Consciousness and the Brain

Dear Alexis, Tyler, and Sarah

Receive my kind wishes for a speedy recovery, after the tragedy that faced you recently. I am informed that Alexis has been diagnosed with blindsight, Tyler is exhibiting symptoms of phantom limb syndrome, and Sarah has spatial neglect. I am sure healthcare workers are taking good care of you, but allow me to reassure you of your wellness.

Blindsight is a condition where people who have significant visual loss but can respond to external stimuli such as movement (Ajina & Bridge, 2016). Usually, visual information passes through the cortex for one to see. However, studies have shown that some visual information bypasses the cortex, and is sent to the amygdala to process emotion (QldBrainInstitute, 2019). When the cortex is damaged, say in an accident, one can have blindsight. Alexis will be visually blind but will respond to external stimuli.

Phantom limb syndrome is a sensation of a limb that does not exist. Sorry for your loss, Tyler. Your lost limb was connected to specific neurons in the brain. After the loss, associated neurons do not receive sensation anymore. The neighboring neural active regions expand into the inactive part by neural plasticity (Plethrons, 2015). When the part of the body whose neurons take over the inactive neurons is touched, say the face, one feels the on the face and the remaining part of the lost limb. That means you may continue feeling the sensations throughout your life.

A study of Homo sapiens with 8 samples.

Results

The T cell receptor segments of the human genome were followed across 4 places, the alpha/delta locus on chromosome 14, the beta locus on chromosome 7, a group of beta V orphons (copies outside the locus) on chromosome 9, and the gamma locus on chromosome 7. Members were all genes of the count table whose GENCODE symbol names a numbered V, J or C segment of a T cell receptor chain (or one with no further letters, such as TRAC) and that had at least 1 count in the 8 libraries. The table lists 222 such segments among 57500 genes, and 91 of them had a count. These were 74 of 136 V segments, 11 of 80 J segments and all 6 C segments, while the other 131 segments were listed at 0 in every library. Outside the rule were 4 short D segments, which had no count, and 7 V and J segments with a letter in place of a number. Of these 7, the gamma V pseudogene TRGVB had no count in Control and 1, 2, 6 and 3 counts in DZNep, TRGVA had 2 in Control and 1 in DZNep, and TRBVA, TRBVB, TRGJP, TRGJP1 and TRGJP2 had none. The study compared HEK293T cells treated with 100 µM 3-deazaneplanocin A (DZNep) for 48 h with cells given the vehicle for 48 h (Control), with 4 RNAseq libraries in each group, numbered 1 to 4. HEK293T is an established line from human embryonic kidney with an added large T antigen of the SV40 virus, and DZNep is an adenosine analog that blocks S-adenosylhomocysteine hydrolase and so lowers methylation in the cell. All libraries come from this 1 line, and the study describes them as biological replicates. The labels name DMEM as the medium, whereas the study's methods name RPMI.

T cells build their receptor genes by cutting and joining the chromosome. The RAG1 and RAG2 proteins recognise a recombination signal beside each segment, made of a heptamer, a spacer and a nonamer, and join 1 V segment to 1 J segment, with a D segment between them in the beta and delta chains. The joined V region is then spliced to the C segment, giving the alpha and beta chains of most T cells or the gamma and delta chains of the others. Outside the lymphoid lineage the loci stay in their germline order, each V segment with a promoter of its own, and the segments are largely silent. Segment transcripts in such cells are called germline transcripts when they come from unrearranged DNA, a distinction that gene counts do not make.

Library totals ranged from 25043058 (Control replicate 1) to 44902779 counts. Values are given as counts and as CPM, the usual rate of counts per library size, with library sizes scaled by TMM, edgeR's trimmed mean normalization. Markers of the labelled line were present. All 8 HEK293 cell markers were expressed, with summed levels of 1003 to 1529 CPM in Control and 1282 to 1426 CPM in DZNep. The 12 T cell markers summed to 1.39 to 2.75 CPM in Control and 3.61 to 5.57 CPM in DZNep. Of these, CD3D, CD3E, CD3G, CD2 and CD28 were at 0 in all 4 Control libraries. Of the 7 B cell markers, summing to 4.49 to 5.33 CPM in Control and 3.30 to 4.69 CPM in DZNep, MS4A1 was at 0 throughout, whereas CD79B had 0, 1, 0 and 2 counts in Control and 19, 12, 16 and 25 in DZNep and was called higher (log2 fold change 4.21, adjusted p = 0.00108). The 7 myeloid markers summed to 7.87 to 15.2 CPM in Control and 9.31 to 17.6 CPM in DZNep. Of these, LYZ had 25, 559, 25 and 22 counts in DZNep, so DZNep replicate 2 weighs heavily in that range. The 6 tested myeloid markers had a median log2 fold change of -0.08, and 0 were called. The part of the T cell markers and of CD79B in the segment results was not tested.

To Sarah, spatial neglect, also called hemispatial neglect, is a condition where one has a deficit in attention or awareness of the environment on one side of the brain. Mostly, people with spatial neglect do not notice objects to the side of the damaged side of the brain (Bonato, Saj & Vuilleumier, 2016). Patients may not notice it because they have lost the imagination of possibilities to the damaged side of the brain (Stroke Foundation, 2013). Luckily, one may overcome the condition through practice and therapies, which give induced attention (Stroke Foundation, 2013).

The conditions are related since they affect consciousness and arise from the impairment of a part of the brain. While blindsight and phantom limb syndrome are not curable, spatial neglect is possible to overcome. Notably, the body parts receive a stimulus, and a nerve impulse is sent to the neurons in the brain, which results in physical actions, emotions, or decisions.

Your in love,



Ajina, S., & Bridge, H. (2016). Blindsight and Unconscious Vision: What They Teach Us about the Human Visual System. The Neuroscientist23(5), 529-541. doi: 10.1177/1073858416673817

Bonato, M., Saj, A., & Vuilleumier, P. (2016). Hemispatial Neglect Shows That “Before” Is “Left”. Neural Plasticity2016, 1-11. doi: 10.1155/2016/2716036

Plethrons. (2015). Phantom Limbs Explained [Film]. Plethrons.

QldBrainInstitute. (2019). Brain pathway that explains blindsight confirmed [Video]. QldBrainInstitute.

Stroke Foundation. (2013). Hemispatial Neglect Syndrome | [Video]. Stroke Foundation.